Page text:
Experts: Fake News Compounds Threat of Coronavirus
The global COVID-19 crisis has created the ideal climate for spreading fake news, Syrian social-media expert says
About 25 people were arrested by the Palestinian Authority for spreading false news about COVID-19, as Saudi Arabia, Egypt and Morocco also nabbed purveyors of untrue information about the pandemic, sources said.
One man was arrested in Bethlehem while others were seized by the authorities in other Palestinian cities for spreading misleading claims about the coronavirus and the illness it causes, said Ziad al-Rifae, head of Sada Social, a Ramallah-based company that monitors Palestinian social-media content to combat fake news.
At least 120 false rumors have been spread about COVID-19 in the Palestinian territories, including the names of alleged patients, fraudulent cures and so-called inside information, al-Rifae told The Media Line. “Some people published information about the government curfew, even before it was announced,” he added.
Sada Social works with Facebook in the United States to warn fake-news publishers. “If they don’t respond, we block the content.”
Khaled Bin Ali Batafi, a social-studies professor at Alfaisal University in Riyadh, told The Media Line that two weeks ago, a Saudi influencer created a video in which he drank what appeared to be Dettol disinfectant, indicating that it cured COVID-19.
“He was arrested by the Saudi authorities and apologized,” Batafi said. “Apparently, he was drinking juice the same color as Dettol.”
Countries have come up with new laws to handle cybercrime, including the spreading of fake news, he said. Middle Eastern governments have monitored traditional news media and so fake news was controlled, Batafi said. The newer social media channels are a “shadow media, where any person for any purpose can communicate with a large number of people, to say whatever they want.”
In Egypt, police arrested three people on March 13 for allegedly spreading false information on social media about the number of those stricken in the pandemic.
In Meknes, Morocco, a man was arrested in February for distributing fake news about the number of COVID-19 cases in the city.
Batafi urged governments to do more to fight false information and hold the publishers accountable.
“Unfortunately, some Arab states only chase fake news if it concerns the government,” he said. “Spreading incorrect information that has nothing to do with the government … could strike the fabric of society, as well as security.”
The global coronavirus crisis has created the ideal climate for the spreading of rumors, said Wisam al-Nasser, a Syrian social analyst and social media expert based in France.
“Curfews and house quarantines in most states around the world force the audience to remain at home, checking constantly for new information about the virus out of fear,” he told The Media Line. Social media channels and private family channels on platforms like WhatsApp “become tools to transfer fake news.”
Promoters of false narratives include people trying to make a quick profit. They spread information that will drive traffic to their web sites and generate reviews, he said. Some of them use religion to try to peddle alternative medicines for COVID-19.
“A woman claimed on a Lebanese MTV channel show that Saint Sharbel visited her in a dream and told her that Sharbel water cures coronavirus, creating an uproar there,” al-Nasser said.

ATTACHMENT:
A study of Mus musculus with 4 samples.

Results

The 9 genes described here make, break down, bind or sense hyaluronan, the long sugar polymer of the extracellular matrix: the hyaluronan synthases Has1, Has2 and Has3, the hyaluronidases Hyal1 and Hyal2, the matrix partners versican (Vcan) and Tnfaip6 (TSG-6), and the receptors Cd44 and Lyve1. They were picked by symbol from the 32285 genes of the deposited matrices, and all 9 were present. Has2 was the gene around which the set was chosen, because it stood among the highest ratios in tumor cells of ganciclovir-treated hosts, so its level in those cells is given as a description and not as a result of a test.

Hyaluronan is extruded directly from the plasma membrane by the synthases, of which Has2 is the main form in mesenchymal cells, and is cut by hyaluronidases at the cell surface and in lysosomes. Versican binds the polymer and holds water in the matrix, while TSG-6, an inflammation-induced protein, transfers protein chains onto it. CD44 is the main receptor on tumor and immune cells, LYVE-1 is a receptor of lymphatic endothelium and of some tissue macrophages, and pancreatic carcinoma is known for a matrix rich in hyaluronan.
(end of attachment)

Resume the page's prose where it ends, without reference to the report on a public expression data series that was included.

Some media outlets invent news sources in a bid to appear to break news, which they usually copy partially from other sites. This is intended to boost their audience numbers, he said.
“Publishers are currently focusing on spreading fake news about the numbers of people infected with coronavirus, areas where the virus is spreading or scientific updates on developing a serum” from antibodies, he said. They “forget that this news changes” rapidly.
Some media outlets create panic by emphasizing the negative, such as the number of deaths, without reporting how many patients recovered, al-Nasser said. They offer news about supermarkets closing without saying when they are open.
“Politicians also were a source of fake news … in Italy, the United States and the United Kingdom when they initially downplayed the danger of the virus,” he said. “Some of them went out in public and drank beer, encouraging Italians to continue a carefree life.”
Al-Nasser also singled out US President Donald Trump, saying he “cared more about the economy than his own people’s health and once described the pandemic as a normal flu.” The statements were “reckless” and confused the public.
In the UK, Prime Minister Boris Johnson initially thought the best policy was to expose people to the coronavirus to get herd immunity. He and Trump changed their minds at least in part because of a report by the Imperial College London.
In countries with dictatorial governments, information such as the number of COVID-19 cases has been restricted. In “Egypt, Syria and Libya, the withholding of such information has made it harder for people to understand the seriousness of the coronavirus” situation.
In the West Bank, incorrect news has increased the panic about the pandemic, Eyad Koneh, a resident of Ramallah, told The Media Line. People believe most of what has been circulated on social media channels, he said.
“People want to think that there is a cure for the coronavirus. They believe rumors because they are afraid, but fake news scares more, most of the time,” he added.
Abeer Hremeh, who works in insurance in Ramallah, told The Media Line that news spread on social media channels “creates confusion because most of the information is wrong and misleading.”
“I have children, and false news and rumors, especially medical ones, can be really harmful,” Hremeh said.
In recent years, fake news has become a global issue and hundreds of millions of dollars have been allocated to counter it.